By Emmanuel Freeman
NASHVILLE, TN (TSU News Service) — National political strategist and commentator Symone D. Sanders-Townsend Saturday inspired Tennessee State University graduates to be prepared for the unexpected as they pursue their career goals. Giving the fall commencement address as more than 600 received degrees in the Gentry Center Complex, the former senior advisor and chief spokesperson to Vice President Kamala Harris said life will not always go as planned.
She left the graduates with three things she said helped her along the way.
“Do not be focused on your plans that you are unwilling to consider the unexpected, find yourself, and fight for what you believe,” said Sanders, former CNN commentator and host of the new MSNBC program Symone.
Before Sanders’ speech, TSU President Glenda Glover, in her opening remarks, congratulated the graduates and their parents and loved ones for their support.
“I applaud you for having reached such an extraordinary milestone,” Glover told the graduates. “This is your day. And we will make the most of it, for tomorrow you step into the world as the servant leaders you have been trained to be. The servant leaders you’ve been called to be.”
Midway through the graduation, President Glover paused the ceremony to honor the memory of two Tigers who lost their lives shortly before graduation. Teisha Lashelle King, a business major and Amaya Victoria Taylor Sanders, a health science major, had completed the requirements for graduation. Dr. Glover awarded their degrees posthumously to their mothers.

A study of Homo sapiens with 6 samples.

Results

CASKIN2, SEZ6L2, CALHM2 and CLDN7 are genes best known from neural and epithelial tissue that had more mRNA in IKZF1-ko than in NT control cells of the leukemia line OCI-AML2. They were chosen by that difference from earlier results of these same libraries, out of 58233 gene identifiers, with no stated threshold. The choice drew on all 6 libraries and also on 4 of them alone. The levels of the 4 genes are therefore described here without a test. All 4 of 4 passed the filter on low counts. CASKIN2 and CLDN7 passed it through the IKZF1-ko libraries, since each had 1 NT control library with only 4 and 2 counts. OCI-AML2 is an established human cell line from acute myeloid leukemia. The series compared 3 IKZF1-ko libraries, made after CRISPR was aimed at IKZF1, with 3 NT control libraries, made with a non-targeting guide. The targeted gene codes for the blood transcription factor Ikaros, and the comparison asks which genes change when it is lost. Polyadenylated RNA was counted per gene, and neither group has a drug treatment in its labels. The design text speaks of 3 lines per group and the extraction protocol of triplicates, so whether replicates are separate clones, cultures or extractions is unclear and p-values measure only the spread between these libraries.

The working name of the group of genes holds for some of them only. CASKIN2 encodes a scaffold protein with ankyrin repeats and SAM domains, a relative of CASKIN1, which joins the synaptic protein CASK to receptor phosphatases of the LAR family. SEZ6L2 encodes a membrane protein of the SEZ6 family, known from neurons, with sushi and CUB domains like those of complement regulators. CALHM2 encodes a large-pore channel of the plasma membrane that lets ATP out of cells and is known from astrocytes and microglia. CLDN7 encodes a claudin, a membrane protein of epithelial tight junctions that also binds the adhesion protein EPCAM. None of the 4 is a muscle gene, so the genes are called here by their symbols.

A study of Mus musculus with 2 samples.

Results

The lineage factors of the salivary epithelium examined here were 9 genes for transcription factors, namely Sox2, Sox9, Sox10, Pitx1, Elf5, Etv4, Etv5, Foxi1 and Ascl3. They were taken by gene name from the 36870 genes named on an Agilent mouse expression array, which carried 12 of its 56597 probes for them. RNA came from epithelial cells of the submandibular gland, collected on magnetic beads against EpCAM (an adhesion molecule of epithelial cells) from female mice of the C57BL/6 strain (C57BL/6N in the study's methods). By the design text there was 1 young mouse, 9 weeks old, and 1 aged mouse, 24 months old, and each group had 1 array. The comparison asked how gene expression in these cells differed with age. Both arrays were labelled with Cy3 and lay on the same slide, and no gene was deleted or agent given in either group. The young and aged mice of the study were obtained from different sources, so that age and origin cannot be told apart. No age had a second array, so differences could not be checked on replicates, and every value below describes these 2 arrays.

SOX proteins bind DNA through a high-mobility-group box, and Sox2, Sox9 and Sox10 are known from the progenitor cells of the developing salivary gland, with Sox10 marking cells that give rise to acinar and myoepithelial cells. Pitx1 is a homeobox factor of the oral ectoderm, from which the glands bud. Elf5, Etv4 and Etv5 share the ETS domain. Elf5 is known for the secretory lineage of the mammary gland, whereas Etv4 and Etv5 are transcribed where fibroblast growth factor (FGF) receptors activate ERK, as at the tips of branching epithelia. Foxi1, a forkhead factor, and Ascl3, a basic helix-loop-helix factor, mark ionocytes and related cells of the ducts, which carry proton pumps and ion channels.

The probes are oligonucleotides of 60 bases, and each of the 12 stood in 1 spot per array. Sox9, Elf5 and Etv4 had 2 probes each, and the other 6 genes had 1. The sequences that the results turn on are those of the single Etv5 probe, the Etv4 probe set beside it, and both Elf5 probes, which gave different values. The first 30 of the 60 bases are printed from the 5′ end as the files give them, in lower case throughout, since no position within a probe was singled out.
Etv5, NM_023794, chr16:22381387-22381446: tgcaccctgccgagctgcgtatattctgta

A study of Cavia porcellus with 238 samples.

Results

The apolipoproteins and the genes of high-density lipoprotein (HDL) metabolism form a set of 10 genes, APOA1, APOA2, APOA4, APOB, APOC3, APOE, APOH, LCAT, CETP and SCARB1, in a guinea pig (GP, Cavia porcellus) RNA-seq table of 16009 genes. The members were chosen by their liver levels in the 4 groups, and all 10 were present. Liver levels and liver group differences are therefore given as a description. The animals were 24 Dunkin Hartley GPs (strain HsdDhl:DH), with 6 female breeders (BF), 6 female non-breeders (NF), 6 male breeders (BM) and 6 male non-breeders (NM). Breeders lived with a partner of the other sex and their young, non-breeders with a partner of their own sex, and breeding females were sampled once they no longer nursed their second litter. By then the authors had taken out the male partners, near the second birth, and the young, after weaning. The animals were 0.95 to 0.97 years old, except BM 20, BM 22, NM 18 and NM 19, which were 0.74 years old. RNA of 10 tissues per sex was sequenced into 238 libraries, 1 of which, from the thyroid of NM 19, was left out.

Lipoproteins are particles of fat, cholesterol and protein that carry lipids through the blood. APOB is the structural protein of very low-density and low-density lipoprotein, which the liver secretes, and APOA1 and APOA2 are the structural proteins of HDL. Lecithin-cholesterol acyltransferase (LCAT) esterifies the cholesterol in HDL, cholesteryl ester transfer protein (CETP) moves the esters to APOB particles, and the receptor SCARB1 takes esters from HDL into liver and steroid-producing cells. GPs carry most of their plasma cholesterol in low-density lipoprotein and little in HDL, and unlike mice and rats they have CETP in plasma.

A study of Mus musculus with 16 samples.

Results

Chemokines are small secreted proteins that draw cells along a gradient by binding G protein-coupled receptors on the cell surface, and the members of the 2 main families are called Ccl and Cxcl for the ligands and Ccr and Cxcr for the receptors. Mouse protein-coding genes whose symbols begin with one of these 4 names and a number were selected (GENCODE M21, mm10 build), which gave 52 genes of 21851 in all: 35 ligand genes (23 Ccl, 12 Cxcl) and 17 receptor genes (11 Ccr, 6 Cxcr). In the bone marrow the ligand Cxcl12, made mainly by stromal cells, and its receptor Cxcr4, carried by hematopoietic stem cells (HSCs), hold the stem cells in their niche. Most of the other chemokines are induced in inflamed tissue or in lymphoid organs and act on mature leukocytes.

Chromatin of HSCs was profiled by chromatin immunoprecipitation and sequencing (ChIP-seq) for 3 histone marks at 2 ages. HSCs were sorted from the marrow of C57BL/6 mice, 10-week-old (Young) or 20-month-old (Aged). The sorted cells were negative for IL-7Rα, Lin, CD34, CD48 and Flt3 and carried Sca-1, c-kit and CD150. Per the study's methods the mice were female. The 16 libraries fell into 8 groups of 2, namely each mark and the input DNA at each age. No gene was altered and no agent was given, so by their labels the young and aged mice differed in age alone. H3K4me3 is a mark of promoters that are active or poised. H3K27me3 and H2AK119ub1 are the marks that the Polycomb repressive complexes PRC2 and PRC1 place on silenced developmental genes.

“This year unfortunately, we had two fallen Tigers, and we pause to honor their memories,” the President said, to rousing cheers from the crowd of parents and loved ones in the packed Gentry Center.
“We will continue to hold them in our memory and prayers.”
Sanders paid homage to Tennessee State University, a school she said has lived up to its founding mission to transform lives.
“From your cutting-edge STEM programs to your deep commitment to social justice, Tennessee State University is a school that the rest of the country can look to as a model for excellence,” pointing to the success of the school’s marching band, the Aristocrat of Bands, for getting two Grammy nominations. “For the first time in history, the heartbeat of HBCU culture has been recognized by the recording academy. The AOB was recognized this year for not one, but two Grammy nominations.”
It was also an extra special day for Janeiar Noel. She got a surprise visit from her brother Navy Airman Julio J. Noel, dressed in his military outfit, who travelled from his San Diego, California naval base to congratulate his sister.
The mother of three said obtaining her business administration degree, her brother’s surprised visit, and the commencement speaker’s inspiring message left her with the motivation to succeed.
“I have kids who are looking up to me, and I need to set an example for them,” Janeiar said. “Life threw a lot of things at me, but I was able to persevere, and I am glad I could make my brother, my kids and my family proud.”
Tyrell Jones, who earned a master’s in computer science, said he was able to pursue all of his passions. Jones also received his undergraduate degree in mathematics from TSU and was involved in student leadership and other activities. He said the speaker left him inspired.